Antispam spec sets off on path to standard

Yahoo, Cisco and partners have submitted DomainKeys Identified Mail, which helps verify the sender of a message, to a standards body.

Joris Evers Staff Writer, CNET News.com
Joris Evers covers security.
Joris Evers
2 min read
An antispam technology that focuses on identifying forged e-mail addresses has been proposed as a standard by Cisco Systems, Yahoo and partners.

The companies, along with software makers Sendmail and PGP, submitted their DomainKeys Identified Mail specification to the Internet Engineering Task Force this weekend. The IETF, a standards setting body, is expected to start discussing the technology during its meeting at the end of July in Paris, a Yahoo representative said on Monday.

With DKIM, which relies on public key cryptography, a digital signature is attached to outgoing e-mail so recipients can verify that the message comes from its claimed source. The idea is to make it easier to eliminate spam or phishing e-mails with spoofed addresses by marking out legitimate messages. The specification merges two earlier proposals, Yahoo's DomainKeys technology and Cisco's Internet Identified Mail system.

"This is a big milestone for us and the e-mail authentication world," said Miles Libbey, an antispam product manager at Yahoo Mail. "This submission to the IETF represents collaboration between a lot of players in the e-mail authentication world." Other companies involved include Alt-N Technologies, America Online, EarthLink, IBM, Microsoft and VeriSign, Yahoo said.

Standardization of a technology is important for its acceptance. Nonstandard technology is not likely to be implemented in products or adopted by users. The IETF will likely establish a working group to further debate DKIM, the Yahoo representative said.

The specification calls for e-mail domain owners to create a pair of public and private cryptographic keys. The public key is published in the Domain Name System record, while the private key is stored on a DKIM-enabled mail server. Each outgoing message is then signed, with the signature stored in the e-mail header.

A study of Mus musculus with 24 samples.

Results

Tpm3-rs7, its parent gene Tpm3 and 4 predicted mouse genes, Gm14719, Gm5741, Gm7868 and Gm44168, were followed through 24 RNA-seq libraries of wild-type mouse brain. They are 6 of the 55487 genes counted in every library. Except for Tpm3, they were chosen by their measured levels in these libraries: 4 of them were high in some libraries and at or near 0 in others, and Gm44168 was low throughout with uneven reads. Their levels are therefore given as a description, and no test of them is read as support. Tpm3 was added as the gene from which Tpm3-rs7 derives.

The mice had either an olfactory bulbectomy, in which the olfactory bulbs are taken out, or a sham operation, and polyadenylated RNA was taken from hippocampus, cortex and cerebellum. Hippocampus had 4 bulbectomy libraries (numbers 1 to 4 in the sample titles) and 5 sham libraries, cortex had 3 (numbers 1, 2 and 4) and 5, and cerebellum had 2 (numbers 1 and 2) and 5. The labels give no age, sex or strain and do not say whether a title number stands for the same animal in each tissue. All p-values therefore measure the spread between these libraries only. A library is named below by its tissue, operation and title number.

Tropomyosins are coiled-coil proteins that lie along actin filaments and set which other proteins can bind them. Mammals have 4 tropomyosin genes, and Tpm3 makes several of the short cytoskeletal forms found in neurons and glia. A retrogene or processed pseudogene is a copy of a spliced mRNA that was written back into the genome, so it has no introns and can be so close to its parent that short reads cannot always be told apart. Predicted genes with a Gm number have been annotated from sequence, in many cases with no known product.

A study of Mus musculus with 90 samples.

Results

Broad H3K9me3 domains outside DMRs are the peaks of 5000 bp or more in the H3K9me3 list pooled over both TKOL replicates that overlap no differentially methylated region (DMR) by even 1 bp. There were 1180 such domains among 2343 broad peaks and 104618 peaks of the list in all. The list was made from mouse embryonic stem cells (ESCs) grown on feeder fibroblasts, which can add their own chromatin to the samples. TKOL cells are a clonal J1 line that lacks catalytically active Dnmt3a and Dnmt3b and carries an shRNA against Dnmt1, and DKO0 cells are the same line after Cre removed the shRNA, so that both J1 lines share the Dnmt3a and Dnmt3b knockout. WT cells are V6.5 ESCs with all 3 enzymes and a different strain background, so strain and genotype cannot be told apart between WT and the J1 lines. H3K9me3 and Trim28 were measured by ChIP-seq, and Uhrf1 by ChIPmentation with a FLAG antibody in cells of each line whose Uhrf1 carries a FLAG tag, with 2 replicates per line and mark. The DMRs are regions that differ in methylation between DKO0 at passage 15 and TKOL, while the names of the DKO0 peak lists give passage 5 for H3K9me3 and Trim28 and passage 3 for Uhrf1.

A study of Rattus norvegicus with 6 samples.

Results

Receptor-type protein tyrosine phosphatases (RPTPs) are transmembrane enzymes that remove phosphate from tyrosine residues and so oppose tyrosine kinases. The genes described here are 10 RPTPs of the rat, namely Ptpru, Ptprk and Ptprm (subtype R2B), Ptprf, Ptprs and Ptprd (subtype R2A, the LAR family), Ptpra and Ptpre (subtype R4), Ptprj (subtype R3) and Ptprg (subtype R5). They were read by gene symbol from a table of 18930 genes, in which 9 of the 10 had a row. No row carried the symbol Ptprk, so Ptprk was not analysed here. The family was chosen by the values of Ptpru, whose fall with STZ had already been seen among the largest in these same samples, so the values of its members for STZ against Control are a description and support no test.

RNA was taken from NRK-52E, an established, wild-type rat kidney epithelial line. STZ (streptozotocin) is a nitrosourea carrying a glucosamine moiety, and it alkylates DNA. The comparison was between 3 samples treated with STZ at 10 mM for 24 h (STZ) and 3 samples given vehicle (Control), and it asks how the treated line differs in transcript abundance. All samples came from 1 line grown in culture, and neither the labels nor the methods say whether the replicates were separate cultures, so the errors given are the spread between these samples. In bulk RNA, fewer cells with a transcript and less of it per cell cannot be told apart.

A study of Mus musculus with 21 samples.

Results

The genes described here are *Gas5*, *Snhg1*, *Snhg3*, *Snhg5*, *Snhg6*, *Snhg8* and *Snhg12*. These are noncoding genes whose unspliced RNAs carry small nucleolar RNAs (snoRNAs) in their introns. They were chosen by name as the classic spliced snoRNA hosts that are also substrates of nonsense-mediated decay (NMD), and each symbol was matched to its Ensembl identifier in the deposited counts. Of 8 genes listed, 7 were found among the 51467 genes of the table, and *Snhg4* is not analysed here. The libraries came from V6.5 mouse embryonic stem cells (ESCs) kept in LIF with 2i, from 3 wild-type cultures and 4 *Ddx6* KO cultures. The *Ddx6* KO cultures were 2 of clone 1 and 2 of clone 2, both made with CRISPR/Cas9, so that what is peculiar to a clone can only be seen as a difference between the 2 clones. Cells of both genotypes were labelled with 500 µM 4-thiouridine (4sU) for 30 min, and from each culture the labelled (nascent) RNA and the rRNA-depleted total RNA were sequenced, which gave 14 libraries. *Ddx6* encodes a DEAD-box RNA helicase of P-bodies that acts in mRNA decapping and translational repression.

On the receiving end, a DKIM-enabled mail server extracts the signature and uses the public key to verify that the signature was generated by the sending domain.

The announcement of the IETF submission comes a day before the start in New York of the Email Authentication Implementation Summit 2005, where experts will discuss e-mail security technology and encourage its adoption.

At the event, attention is likely to turn to another e-mail security technology, Sender ID, which has Microsoft as its main backer. The Sender ID specification is making its way through the standards process.

Sender ID and DKIM have similar goals: to improve the security and reliability of e-mail and to stop the tide of spam, phishing and e-mail fraud. The technologies can work side by side, Yahoo said.

Yahoo first submitted DomainKeys to IETF last March. The new submission is for the merged technology with Cisco. The partners now have some real-world examples of DKIM at work, the Yahoo representative said.